Avoiding Bladder Infections in Cats-How Cats Get Bladder Infections

Avoiding Bladder Infections in Cats-How Cats Get Bladder Infections

Avoiding Bladder Infections in Cats-How Cats Get Bladder Infections

Avoiding Bladder Infections in Cats-How Cats Get Bladder Infections

Avoiding Bladder Infections in Cats-How Cats Get Bladder Infections. The key to prevention is knowing what can lead to bladder infections in cats. This is becoming one of the leading cat illnesses vet’s have to treat. These are the top five causes of bladder infections in your cat.

Simply put, bladder infections in cats result from anything that may obstruct or decrease the natural flow of urine through the cat’s system. This can be due to a number of factors which will be outlined below. It is important to have your cat seen by your veterinarian, as it is an uncomfortable and often painful infection that needs to be treated. There are some very good preventative remedies available also that I will discuss later.

One of the most common reasons why a cat will be more prone to bladder infections could be as simple as your cat’s sex. Being a female cat means that its urethra is often shorter and wider than a male’s urethra, and therefore females suffer from bladder infections more often than their male counterparts. Generally speaking, the bladder has a pocket-like design that is made up of many tiny, elastic-type membranes. It can stretch when there is urine present and contract back when it is empty.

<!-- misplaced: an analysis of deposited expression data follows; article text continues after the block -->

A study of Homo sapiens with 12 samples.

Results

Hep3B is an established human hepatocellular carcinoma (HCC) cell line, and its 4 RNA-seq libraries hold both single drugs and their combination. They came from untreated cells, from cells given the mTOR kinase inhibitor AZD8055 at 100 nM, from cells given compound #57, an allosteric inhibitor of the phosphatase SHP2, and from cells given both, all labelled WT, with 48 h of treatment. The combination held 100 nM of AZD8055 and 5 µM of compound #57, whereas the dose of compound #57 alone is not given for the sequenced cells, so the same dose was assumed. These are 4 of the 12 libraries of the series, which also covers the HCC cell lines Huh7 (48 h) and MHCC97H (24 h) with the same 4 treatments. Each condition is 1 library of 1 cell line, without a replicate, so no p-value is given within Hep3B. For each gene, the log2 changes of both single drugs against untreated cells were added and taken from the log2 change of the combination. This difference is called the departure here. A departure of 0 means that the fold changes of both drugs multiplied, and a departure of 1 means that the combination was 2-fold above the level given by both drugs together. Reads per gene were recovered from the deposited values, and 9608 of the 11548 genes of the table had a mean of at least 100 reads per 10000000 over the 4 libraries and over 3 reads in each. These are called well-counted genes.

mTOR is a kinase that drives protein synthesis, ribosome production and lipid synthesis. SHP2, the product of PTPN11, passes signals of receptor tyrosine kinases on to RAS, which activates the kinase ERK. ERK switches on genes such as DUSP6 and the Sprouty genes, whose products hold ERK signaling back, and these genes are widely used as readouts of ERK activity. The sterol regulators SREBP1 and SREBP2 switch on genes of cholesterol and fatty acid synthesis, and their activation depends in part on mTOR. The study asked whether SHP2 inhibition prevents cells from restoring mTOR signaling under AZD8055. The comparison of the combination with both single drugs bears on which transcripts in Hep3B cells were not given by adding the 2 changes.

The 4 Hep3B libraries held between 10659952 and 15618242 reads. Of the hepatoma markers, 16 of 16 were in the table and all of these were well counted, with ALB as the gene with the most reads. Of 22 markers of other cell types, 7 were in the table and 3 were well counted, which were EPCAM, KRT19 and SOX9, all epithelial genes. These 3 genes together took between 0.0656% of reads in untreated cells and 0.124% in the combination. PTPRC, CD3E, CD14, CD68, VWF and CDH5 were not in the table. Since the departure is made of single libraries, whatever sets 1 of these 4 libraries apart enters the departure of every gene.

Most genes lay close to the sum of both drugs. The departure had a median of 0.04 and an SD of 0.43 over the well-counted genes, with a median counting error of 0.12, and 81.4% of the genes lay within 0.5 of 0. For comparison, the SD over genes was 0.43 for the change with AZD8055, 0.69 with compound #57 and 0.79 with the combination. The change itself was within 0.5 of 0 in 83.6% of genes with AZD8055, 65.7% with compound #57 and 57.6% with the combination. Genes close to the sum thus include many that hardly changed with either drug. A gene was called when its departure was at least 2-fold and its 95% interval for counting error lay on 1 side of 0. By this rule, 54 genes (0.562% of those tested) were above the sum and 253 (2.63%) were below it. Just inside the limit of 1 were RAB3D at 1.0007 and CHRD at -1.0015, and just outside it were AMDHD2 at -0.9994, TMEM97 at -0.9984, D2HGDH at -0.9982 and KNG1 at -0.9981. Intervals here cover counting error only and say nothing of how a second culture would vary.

When the urethra is scraped or damaged due to your cat being catheterized, perhaps due to surgery, it can increase the chances of bladder infections in cats. The urethra is made up of a very delicate lining and scraping it accidentally when inserting or removing a catheter can result in damage and an infection ensuing. Once your cat has had this initial infection, further infections are more likely to occur.

Just as in humans, cats can suffer from kidney stones. They block the urine and it builds up in your cat’s bladder. Any disruption to the flow will cause an infection. Always seek veterinary advice when you notice you cat having difficulty urinating. Often a urine analysis test will be undertaken and the infection will be determined. Your veterinarian will most often prescribe a course of antibiotics and this can be taken for a period of around two weeks. Many times, however, the diagnosis of bladder infections in cats leads to other problems being detected within your cat’s body. Often tumors in the renal system lead to a bladder infection in your cat.

Looking at all of the causes and some of the treatments that can be involved with bladder infections in cats, the best advice is always that prevention is the best cure. Sometimes, this can be simply a matter of changing the cat’s diet from a mostly dry menu to a wetter option, including perhaps a high-quality canned food. You can find a number of natural remedies that help prevent cat illnesses and are easy to give to your cat.